Abstract # 6244 Event # 160:

Scheduled for Friday, June 19, 2015 04:15 PM-04:30 PM: (Cascade F) Oral Presentation


M. J. Ruiz-Lopez1, C. Barelli2,3,4, F. Rovero2, K. Hodges4, C. Roos5, W. E. Peterman6 and N. Ting1,7
1Institute of Ecology and Evolution, University of Oregon, 335 Pacific Hall, Eugene, OR 97403, USA, 2Sezione di Biodiversità Tropicale, MUSE - Museo delle Scienze, Trento, Italy , 3Department of Biodiversity and Molecular Ecology, Fondazione Edmund Mach, San Michele all’Adige, Trento, Italy, 4Reproductive Biology Unit, German Primate Center, Leibniz Institute for Primate Research, Göttingen, Germany, 5Gene Bank of Primates and Primate Genetics Laboratory, German Primate Center, Leibniz Institute for Primate Research, Göttingen, Germany, 6Illinois Natural History Survey, Prairie Research Institute, University of Illinois, IL, USA, 7Department of Anthropology, University of Oregon, OR, USA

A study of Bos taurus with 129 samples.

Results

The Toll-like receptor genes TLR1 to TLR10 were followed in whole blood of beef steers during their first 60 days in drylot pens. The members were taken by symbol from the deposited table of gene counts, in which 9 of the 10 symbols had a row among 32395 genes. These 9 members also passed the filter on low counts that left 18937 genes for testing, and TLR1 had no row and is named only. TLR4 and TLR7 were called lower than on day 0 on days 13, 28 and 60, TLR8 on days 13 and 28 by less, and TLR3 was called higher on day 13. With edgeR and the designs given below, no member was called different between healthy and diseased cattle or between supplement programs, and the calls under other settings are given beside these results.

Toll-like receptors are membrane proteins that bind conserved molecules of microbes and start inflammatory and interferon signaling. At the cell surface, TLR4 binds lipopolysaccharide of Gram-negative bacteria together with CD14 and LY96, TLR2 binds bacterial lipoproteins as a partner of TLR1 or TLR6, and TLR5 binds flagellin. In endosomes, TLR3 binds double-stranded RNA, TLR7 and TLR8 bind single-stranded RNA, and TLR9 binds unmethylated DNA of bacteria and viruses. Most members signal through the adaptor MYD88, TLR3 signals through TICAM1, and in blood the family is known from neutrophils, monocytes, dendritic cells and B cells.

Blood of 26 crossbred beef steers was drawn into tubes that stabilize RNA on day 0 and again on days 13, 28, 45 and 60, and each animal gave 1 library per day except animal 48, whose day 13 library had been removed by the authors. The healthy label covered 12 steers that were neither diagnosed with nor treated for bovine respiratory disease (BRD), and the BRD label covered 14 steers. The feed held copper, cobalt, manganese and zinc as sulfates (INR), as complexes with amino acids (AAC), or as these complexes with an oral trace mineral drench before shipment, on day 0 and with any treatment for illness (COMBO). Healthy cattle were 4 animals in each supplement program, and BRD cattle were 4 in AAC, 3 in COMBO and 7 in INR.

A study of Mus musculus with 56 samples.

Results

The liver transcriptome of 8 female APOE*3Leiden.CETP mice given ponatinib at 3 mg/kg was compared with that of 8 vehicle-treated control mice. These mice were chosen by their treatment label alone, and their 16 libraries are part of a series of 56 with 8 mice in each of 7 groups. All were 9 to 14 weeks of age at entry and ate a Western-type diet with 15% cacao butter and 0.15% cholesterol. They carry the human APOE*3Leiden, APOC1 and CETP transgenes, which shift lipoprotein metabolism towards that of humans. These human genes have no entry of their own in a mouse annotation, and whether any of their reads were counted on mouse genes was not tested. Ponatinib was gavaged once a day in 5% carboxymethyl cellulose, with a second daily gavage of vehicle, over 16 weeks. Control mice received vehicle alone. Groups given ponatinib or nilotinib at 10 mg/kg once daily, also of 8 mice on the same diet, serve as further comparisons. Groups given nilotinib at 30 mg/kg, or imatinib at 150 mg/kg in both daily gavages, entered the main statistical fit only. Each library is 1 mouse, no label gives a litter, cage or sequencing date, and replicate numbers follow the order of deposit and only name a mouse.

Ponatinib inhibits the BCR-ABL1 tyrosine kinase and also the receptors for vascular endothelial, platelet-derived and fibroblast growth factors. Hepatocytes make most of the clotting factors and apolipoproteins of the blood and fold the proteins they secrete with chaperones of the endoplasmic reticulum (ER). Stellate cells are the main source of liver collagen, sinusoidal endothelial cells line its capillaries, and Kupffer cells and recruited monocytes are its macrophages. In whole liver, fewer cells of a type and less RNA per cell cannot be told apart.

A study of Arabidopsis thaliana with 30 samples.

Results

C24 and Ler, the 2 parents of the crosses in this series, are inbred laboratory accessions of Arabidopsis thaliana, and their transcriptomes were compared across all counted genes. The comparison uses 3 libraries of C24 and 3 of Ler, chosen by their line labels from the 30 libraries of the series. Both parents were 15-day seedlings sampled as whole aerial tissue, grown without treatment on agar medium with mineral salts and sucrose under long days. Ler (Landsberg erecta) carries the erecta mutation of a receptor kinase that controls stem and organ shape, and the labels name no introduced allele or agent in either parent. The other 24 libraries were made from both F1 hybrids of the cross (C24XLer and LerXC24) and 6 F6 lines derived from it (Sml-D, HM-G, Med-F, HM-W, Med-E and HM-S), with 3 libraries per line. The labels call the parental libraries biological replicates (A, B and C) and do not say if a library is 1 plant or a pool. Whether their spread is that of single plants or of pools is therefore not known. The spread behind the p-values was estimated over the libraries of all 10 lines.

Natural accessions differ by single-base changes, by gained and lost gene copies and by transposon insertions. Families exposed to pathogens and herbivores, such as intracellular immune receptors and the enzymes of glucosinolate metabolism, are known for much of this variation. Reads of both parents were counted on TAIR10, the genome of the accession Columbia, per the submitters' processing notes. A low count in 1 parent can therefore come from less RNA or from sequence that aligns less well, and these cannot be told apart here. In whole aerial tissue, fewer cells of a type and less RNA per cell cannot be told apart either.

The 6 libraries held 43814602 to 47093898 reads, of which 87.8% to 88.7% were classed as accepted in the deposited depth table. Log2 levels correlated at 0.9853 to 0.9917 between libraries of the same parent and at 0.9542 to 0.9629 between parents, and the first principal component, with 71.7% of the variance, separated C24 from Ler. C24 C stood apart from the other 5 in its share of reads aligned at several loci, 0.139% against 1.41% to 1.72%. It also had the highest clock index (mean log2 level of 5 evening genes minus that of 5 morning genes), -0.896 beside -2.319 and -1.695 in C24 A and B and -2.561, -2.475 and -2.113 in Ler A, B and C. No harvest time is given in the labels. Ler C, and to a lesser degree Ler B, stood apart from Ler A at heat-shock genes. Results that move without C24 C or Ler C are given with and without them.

Understanding how human disturbance affects tropical forest ecosystems and the genetic structure of the species inhabiting those areas is critical for the mitigation of future losses in global biodiversity. We studied the endangered Udzungwa red colobus monkey (Procolobus gordonorum), which is endemic to the Udzungwa Mountains (Tanzania). This species thrives in large and well-protected blocks of old growth forest and it has been suggested that a healthy Udzungwa red colobus population will be indicative of a healthy rainforest ecosystem. The goal of our study was to understand whether or not distributions of genetic variation in the Udzungwa red colobus monkey have been affected by forest fragmentation, and if natural or human-related landscape features best explain genetic differentiation. We collected 170 fecal samples from 5 forest blocks and genotyped them using a panel of 10 microsatellite markers. We identified a total of 120 individuals. Traditional population genetic analyses identified two population clusters but yielded ambiguous results as to the cause of genetic differentiation among Udzungwa red colobus populations. In contrast, landscape resistance models found that the combination of fire density on the landscape, distance to village, and resistance to cross railroads best explains the data. These results demonstrate the effects that human activities are having in an area of high global conservation priority and suggest that this ecosystem is in a precarious state.